As big name companies scrap over bringing mobile payments to market, at least one start-up is happy to stay behind the scenes. Zenius, a 3-year-old company based in Palo Alto, Calif., is a provider of several technologies that power mobile payments systems and has its sights aimed on being the service provider to mobile services providers.
Just last month, Zenius announced the release of a suite of new software solutions that it hopes will form the backbone of many NFC implementations. The suite features several core products, such as a mobile wallet and a mobile point-of-sale product, that give Zenius customers the ability to bring mobile payment solutions to market immediately.
The secret behind the suite is that Zenius offers customers the ability to re-brand, or "white label," the products. That means customers without the ability or time to create mobile payment offerings in-house can still bring payment solutions to market.
Jenny Rae Le Roux, Zenius' vice president of business development, said the company is responding to a growing need in the still-nascent mobile payment space: the need for a company that can provide payment solutions to a wide assortment of customers across a variety of hardware and technology architectures. While the company bills itself as "an NFC company" for the sake of convenience, she said, its solutions are much broader than that.
"The industry needs a new way," Le Roux said, adding that the industry "needs a pure software solution" that accommodates a range of applications and products.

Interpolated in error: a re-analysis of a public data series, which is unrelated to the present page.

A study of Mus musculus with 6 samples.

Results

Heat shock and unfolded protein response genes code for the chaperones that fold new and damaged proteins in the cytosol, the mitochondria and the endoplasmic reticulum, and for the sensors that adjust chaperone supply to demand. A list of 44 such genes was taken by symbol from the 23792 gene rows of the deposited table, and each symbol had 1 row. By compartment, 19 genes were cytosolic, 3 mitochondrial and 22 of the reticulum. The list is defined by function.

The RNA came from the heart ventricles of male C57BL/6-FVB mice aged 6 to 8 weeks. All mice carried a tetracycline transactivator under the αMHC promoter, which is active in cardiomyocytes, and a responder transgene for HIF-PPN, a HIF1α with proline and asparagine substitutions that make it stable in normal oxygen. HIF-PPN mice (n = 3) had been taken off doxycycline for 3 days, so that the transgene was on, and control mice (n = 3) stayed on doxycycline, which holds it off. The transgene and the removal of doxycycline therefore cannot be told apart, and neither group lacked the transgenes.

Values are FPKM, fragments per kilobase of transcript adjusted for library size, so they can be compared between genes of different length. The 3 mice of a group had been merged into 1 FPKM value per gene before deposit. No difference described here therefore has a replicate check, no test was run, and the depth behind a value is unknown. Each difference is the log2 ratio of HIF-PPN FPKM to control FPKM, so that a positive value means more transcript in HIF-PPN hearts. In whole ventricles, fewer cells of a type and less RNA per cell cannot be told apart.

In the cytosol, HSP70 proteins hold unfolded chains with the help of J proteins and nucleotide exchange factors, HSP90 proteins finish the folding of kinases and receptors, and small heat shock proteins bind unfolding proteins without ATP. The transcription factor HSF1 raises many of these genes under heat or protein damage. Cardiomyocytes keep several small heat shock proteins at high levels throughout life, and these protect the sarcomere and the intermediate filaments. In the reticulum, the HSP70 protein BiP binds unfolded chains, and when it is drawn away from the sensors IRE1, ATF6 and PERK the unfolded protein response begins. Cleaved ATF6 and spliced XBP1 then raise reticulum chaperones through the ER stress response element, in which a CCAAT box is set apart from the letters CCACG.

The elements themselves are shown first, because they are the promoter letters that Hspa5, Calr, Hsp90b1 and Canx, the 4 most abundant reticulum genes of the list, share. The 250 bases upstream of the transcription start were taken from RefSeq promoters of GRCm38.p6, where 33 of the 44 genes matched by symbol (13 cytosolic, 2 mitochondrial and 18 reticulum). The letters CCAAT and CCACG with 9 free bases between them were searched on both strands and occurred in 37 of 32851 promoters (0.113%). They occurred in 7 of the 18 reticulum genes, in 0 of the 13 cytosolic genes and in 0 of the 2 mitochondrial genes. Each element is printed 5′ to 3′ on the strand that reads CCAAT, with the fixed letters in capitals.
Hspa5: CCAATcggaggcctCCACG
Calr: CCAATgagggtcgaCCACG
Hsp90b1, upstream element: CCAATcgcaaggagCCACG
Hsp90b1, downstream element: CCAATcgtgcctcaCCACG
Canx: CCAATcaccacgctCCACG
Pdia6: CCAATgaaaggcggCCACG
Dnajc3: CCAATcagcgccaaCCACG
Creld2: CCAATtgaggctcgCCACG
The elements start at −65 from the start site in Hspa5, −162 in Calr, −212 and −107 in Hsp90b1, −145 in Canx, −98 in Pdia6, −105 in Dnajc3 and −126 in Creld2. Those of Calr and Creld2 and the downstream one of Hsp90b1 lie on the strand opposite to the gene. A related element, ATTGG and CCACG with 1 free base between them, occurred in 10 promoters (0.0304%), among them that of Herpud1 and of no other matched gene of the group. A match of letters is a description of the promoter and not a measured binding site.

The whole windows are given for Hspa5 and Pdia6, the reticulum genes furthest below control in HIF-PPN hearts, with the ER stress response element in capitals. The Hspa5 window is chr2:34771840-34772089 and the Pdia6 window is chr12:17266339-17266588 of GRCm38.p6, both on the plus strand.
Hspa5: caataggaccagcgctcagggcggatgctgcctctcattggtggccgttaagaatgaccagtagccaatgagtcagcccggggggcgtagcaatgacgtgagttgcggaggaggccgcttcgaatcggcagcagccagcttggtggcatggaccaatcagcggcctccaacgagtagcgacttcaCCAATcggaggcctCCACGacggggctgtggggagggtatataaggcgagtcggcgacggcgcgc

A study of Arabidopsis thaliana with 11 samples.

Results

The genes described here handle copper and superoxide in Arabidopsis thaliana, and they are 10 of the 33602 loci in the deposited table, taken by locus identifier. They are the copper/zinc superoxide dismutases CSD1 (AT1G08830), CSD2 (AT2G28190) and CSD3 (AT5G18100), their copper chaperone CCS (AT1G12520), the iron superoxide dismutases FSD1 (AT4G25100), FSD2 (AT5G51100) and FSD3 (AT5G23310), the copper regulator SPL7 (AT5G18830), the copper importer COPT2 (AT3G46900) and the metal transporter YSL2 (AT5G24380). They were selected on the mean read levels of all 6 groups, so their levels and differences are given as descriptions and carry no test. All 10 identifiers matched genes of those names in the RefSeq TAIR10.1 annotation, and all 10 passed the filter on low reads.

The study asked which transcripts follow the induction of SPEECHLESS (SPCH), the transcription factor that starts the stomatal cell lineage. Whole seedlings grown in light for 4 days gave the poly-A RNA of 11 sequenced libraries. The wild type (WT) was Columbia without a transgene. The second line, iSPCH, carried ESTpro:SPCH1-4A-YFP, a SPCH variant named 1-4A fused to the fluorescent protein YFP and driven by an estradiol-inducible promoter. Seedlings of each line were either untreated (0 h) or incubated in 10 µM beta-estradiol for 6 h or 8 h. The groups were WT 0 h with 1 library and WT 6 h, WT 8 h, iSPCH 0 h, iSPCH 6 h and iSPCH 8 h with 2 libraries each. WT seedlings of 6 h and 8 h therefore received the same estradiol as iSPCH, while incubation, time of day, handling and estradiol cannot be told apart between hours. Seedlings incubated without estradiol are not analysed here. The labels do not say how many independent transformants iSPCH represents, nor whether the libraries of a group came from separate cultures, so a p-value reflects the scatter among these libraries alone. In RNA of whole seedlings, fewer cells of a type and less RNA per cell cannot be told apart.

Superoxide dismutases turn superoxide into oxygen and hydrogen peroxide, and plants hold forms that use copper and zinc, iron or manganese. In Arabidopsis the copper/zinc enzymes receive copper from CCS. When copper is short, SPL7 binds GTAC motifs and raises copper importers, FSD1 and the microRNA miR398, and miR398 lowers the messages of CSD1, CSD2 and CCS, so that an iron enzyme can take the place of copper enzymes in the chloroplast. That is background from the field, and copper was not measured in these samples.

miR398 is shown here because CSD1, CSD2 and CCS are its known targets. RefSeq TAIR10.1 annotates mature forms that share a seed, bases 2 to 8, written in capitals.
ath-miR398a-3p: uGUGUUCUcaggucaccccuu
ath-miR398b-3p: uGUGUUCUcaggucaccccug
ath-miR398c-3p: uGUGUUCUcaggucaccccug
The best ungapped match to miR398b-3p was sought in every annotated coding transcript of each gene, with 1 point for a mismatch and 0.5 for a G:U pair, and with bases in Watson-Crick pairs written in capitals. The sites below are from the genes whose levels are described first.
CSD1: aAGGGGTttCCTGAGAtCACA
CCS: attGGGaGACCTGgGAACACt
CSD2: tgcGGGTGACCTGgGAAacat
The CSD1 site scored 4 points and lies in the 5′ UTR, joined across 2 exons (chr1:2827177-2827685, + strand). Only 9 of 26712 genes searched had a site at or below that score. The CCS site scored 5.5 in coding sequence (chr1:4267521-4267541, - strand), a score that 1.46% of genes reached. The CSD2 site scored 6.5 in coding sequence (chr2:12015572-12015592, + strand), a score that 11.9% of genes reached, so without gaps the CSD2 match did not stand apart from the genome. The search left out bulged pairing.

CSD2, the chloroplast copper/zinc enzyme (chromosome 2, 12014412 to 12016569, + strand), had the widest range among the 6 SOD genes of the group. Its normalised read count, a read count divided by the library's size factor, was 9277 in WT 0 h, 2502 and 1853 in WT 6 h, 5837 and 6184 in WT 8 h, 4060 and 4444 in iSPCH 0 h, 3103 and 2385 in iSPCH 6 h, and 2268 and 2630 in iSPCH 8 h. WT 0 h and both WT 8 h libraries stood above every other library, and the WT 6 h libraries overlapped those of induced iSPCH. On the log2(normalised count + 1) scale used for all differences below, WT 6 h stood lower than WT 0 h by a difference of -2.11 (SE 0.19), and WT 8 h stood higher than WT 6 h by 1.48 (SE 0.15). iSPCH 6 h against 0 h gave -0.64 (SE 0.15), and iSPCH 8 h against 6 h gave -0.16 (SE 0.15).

The outlook for this "new way" is good. According to Le Roux, the company is expecting revenues to increase by thirty times over last year, driven by increased interest in Zenius' solutions from companies like mobile carriers and major online and offline merchants.
The company's revenue model is very flexible, with revenues coming from software licensing to consulting services provided to companies exploring mobile payments, she said. The company reached a milestone in the first quarter of this year when product sales overtook consulting revenue for the first time according to Le Roux.
The success of the company's products, she said, is based on the fact that its applications can be used across many sectors, including banks, financial institutions, mobile banking providers and trusted services managers (TSMs), without Zenius being involved in how the products are actually marketed or sold to end-users.
"We're in a very unique position," Le Roux said. "We're like Switzerland."
The company is obviously bullish about its prospects, but much of the optimism is based on the fact that explosive growth is still several years away.
"What we're seeing now are just precommercialization trials that are ready to be rolled out quickly," Le Roux said; however, the company doesn't expect the industry to actually see critical mass for a couple of years.
And when mobile payments does hit critical mass, Le Roux said that no matter how the industry evolves, Zenius will be ready to provide whatever services are necessary.
"I think you're going to see some business models that haven't been though of yet," she said.